Historic first meeting between Philly City Council and new school board

Pat Loeb
November 27, 2018 - 5:39 pm
The Philadelphia School Board sat down with the mayor and city council on Tuesday to discuss progress since it began running the district five months ago.

Pat Loeb/KYW Newsradio


Mayor Jim Kenney called the meeting historic and noted it was just over a year ago that he called for the School Reform Commission to dissolve itself and yield to a new school board. He praised the Board's actions so far, for instance, its new committee structure that will allow closer, more frequent and transparent contact with the public.


City Council's questions ran the gamut during the five hour hearing, including teaching vacancies, pension liability, school safety and minority contracting. 

While they had plenty of questions for the nine-member board and the district staff, there was a sense of collegiality that was new to Board president Joyce Wilkerson, who had also served on the now-dissolved School Reform Commission.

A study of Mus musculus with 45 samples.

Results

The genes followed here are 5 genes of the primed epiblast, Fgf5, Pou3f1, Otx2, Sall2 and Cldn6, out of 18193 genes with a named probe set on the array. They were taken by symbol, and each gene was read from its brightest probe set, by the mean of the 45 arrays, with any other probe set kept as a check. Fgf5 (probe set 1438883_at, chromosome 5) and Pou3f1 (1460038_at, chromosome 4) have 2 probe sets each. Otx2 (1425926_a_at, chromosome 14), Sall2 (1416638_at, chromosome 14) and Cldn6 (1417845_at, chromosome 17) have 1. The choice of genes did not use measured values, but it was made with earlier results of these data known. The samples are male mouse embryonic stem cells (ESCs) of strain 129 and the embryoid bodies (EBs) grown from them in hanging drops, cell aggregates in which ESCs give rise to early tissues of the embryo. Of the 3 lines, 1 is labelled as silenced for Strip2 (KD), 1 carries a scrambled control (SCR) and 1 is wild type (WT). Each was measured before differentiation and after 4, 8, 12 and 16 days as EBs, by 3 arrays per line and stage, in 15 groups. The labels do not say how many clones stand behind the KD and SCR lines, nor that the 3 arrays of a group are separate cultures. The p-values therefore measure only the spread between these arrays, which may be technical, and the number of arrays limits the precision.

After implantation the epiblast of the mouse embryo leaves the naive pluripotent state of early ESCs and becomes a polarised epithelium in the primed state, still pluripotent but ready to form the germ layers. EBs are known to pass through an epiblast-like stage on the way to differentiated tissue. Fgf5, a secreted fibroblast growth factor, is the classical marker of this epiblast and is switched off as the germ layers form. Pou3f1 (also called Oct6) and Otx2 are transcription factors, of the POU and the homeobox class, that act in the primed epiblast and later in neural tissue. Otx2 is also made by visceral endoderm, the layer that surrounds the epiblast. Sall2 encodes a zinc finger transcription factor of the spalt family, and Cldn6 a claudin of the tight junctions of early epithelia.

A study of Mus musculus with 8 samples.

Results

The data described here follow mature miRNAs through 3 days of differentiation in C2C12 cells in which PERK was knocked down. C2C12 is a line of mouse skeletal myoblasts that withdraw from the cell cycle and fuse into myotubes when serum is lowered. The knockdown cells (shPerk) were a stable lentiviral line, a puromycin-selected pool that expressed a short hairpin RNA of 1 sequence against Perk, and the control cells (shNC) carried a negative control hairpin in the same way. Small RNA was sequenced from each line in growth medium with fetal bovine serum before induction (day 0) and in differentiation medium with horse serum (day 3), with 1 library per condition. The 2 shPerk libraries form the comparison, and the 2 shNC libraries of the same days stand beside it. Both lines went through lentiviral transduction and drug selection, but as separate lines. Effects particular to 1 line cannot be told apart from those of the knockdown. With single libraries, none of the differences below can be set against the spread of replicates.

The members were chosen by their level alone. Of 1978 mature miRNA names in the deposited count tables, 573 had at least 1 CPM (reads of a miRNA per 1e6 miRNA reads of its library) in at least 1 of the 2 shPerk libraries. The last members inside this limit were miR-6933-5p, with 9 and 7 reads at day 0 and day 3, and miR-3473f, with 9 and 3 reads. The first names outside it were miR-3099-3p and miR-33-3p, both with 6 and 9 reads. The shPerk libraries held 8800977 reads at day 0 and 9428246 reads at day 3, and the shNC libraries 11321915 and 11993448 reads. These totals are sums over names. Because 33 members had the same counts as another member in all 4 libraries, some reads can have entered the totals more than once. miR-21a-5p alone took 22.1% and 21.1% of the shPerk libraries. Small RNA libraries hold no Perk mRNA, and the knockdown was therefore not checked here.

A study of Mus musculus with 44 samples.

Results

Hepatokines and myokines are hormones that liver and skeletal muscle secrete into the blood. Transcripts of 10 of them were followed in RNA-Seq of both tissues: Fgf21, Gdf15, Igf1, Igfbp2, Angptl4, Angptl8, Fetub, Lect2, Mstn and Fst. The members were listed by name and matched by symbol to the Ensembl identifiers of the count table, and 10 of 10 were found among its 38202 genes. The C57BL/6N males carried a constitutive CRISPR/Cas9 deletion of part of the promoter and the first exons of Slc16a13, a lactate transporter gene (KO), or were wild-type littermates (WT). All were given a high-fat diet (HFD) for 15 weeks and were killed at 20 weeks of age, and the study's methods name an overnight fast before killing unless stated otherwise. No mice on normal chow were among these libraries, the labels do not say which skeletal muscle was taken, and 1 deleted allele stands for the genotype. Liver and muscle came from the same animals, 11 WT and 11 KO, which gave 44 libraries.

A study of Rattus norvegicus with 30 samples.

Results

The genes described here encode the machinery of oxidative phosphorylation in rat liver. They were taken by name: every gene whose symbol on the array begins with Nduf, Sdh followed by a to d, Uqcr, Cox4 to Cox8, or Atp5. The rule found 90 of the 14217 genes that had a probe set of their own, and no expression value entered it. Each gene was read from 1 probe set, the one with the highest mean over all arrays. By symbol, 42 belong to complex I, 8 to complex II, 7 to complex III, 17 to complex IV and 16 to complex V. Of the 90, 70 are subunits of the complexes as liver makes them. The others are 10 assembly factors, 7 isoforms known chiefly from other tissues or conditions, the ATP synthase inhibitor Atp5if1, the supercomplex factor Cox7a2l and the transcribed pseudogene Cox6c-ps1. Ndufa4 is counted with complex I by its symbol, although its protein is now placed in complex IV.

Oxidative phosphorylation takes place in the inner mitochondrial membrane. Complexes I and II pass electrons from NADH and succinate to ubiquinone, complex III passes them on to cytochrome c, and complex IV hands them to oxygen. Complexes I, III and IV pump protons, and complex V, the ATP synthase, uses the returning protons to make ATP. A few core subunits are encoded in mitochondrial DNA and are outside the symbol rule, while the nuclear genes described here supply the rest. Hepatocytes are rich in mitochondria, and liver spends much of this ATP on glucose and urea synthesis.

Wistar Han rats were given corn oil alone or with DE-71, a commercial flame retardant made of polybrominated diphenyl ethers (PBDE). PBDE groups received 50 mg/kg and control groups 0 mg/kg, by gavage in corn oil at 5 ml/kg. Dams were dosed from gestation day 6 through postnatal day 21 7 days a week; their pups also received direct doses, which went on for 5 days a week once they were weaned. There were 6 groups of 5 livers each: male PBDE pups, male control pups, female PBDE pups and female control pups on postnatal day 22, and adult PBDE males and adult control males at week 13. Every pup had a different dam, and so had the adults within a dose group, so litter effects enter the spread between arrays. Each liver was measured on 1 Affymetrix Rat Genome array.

"It's really important and symbolic of the partnership that we have with the administration and city council. Normally when we come we're here at a hearing and we're sitting right over there being grilled on a lot of issues. But we celebrate this opportunity to have more of a conversation and a meeting," said Wilkerson.  

Though there was little new information, Councilwoman Jannie Blackwell found it productive. 

"I think this is the beginning of a positive exchange and it's going to make a big difference when we go through the budget," Blackwell said. 

Under the charter change, council has a larger role in the district than ever before with veto power over appointments and these twice annual meetings. Mayor Kenney says it's appropriate, given their commitment to provide an extra half-billion dollars for schools over the next five years.

"The investments and personal commitments that we've made in the past year reflect the kind of future that we dare to dream for this city and for its children," he said.